Four in five households in Bangladesh have access to financial services, thanks to improvements in the networks of banks and microfinance institutions as well as a booming mobile banking segment, according to a new study.
Access to financial services, including insurance, stood at over 79 percent in 2014, compared to 77 percent in 2010, the study by Institute of Microfinance (InM), a microcredit think-tank, showed.
Barisal division, at 89.74 percent, has the highest percentage of households with access to finance, followed by Khulna with 85.44 percent, Rangpur 84.19 percent, Rajshahi 83.63 percent, Chittagong 75.62 percent, Dhaka 74.02 percent and Sylhet 73.87 percent.
The InM conducted the study between 2010 and 2014 to measure financial inclusion in Bangladesh, covering all seven divisions except Rangamati.
The paper was presented at a seminar at the national convention on 'Inclusive Finance in Bangladesh' at Bangabandhu International Conference Centre in Dhaka yesterday.
Prof MA Baqui Khalily, executive director of InM, presented the study at the seminar. He co-authored the study along with InM researchers Mehadi Hasan, Nahid Akhter, Farah Muneer and Pablo Miah.
Bangladesh is one of the leading countries in South Asia where households have higher access to financial services.
In 2010, the formal financial market consisted mainly of bank services such as savings, credit and insurance, according to the study. However, with the emergence of mobile banking, it now includes households that have mobile banking accounts.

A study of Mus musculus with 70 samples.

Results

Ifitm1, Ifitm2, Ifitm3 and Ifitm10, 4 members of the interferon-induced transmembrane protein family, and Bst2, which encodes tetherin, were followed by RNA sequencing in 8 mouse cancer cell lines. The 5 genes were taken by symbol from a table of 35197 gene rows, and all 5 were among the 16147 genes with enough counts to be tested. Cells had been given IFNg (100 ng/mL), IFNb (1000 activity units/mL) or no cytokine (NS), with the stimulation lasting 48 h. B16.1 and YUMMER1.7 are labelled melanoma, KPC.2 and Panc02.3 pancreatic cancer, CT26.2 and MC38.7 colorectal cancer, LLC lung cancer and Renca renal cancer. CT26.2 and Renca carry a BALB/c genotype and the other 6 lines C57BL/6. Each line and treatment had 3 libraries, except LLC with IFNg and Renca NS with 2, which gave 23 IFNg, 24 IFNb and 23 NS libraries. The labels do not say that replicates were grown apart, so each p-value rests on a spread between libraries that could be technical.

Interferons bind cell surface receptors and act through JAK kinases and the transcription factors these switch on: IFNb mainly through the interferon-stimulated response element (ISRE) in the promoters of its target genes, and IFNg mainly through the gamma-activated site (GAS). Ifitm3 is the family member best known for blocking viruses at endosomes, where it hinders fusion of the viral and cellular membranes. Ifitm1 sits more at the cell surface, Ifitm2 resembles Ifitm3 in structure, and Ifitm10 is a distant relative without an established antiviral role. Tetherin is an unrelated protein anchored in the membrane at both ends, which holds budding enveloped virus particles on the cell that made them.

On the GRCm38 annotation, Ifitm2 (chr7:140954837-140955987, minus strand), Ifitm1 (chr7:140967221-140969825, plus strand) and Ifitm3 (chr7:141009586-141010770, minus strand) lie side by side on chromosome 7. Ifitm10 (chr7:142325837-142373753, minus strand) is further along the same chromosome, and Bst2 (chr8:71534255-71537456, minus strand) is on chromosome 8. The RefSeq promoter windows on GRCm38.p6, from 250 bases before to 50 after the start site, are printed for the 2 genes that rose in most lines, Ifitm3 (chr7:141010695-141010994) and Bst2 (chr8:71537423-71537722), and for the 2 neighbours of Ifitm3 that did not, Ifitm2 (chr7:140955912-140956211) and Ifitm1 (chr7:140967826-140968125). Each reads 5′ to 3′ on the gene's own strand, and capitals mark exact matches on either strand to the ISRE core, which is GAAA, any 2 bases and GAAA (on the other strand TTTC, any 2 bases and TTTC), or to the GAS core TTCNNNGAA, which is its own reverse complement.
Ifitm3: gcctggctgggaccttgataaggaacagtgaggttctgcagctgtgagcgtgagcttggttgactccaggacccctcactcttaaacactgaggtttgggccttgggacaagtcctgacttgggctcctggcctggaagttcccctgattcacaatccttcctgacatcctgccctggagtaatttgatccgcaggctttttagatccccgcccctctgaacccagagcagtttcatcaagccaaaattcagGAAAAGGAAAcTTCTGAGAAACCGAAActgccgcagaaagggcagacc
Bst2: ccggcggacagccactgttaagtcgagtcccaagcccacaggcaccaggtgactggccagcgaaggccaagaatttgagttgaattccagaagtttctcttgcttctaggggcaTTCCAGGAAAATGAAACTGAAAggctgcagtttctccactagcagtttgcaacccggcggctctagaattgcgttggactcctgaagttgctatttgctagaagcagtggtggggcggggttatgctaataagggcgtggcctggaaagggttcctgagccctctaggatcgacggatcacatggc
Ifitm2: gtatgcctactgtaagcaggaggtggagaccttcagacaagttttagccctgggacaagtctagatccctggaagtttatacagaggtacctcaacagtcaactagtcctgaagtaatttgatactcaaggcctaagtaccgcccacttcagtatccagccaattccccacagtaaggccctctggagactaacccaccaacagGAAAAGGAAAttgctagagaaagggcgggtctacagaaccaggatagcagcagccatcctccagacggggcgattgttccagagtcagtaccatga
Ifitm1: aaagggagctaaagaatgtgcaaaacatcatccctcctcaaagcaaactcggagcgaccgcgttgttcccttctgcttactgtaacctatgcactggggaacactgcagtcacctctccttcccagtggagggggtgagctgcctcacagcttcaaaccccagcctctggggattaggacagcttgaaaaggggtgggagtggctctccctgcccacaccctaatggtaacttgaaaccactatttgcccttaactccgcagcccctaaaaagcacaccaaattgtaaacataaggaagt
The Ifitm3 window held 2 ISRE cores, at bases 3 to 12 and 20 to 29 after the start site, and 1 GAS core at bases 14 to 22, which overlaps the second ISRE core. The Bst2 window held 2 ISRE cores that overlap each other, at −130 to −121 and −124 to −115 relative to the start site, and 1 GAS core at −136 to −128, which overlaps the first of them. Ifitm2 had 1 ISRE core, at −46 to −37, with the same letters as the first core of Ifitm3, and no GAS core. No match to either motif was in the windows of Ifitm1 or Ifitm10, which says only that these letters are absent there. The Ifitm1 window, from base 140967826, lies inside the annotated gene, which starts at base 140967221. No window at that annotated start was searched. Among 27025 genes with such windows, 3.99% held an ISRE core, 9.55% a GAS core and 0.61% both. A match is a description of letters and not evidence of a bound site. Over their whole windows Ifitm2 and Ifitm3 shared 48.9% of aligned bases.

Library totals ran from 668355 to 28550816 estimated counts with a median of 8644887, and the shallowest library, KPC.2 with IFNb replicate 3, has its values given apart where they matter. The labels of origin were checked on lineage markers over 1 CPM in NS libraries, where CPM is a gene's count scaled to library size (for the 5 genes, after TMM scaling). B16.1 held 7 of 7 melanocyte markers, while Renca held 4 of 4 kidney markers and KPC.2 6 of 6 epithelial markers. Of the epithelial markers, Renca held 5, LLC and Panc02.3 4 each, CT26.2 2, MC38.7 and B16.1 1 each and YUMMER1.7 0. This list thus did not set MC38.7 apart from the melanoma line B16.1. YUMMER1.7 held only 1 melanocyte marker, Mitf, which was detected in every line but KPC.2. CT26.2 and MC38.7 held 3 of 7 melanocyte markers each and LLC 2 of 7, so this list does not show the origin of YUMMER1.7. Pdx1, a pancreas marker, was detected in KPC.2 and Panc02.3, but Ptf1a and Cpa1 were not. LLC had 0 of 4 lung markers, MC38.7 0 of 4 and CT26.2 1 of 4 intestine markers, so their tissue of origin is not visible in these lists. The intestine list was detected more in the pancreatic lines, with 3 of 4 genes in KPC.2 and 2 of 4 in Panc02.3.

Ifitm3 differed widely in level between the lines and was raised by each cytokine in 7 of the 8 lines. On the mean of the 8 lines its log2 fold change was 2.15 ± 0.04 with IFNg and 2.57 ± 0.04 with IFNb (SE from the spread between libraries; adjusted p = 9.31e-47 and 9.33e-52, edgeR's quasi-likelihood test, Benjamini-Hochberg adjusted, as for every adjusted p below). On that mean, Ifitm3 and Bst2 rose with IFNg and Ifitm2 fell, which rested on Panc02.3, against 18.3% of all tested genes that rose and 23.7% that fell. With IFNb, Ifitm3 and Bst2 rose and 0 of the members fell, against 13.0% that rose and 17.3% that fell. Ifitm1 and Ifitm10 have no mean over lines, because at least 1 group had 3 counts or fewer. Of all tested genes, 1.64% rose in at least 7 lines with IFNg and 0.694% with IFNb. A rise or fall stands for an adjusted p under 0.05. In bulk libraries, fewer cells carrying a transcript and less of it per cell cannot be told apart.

The study revealed that more households can now access the formal financial market, as it went up 5 percentage points between 2010 and 2014.
More than 40 percent of households in rural regions can access formal financial services, which was 32.8 percent four years ago. In urban areas, 49.76 percent households have access to formal financial services, against 53.53 percent in 2010.
Access to formal financial services by poor households that are constrained by service charges, collateral and a lack of financial literacy, stood at 24.19 percent in 2014, up from 19.53 percent in 2010.
In 2014, 47 percent of households were able to access microfinance, which was 43.23 percent four years ago.
The study shows that fewer households are accessing the informal financial market for credit, as it fell below 20 percent in 2014.
There are still many households that do not have access to financial services. Day labour-led households are one of them, as almost a quarter of them do not have access to any financial market. Less than 24 percent of day labour-led households have access to formal finance and almost 57 percent are capable of accessing the microfinance market.
However, 46 percent of households do not have access to credit in any market. In the banking sector, 59 percent of households are credit constrained. It is 35 percent in the case of microcredit. The study said it is essential to innovate and improvise financial products to broaden the outreach of financial services offered by institutions.
For financial inclusion, it recommendations expanding financial services in unbanked areas; reducing transaction cost of borrowing; improving financial literacy; mobilising financial resources; initiating targeted programmes for women-headed households; strengthening insurance sector; and protecting customers against abuses.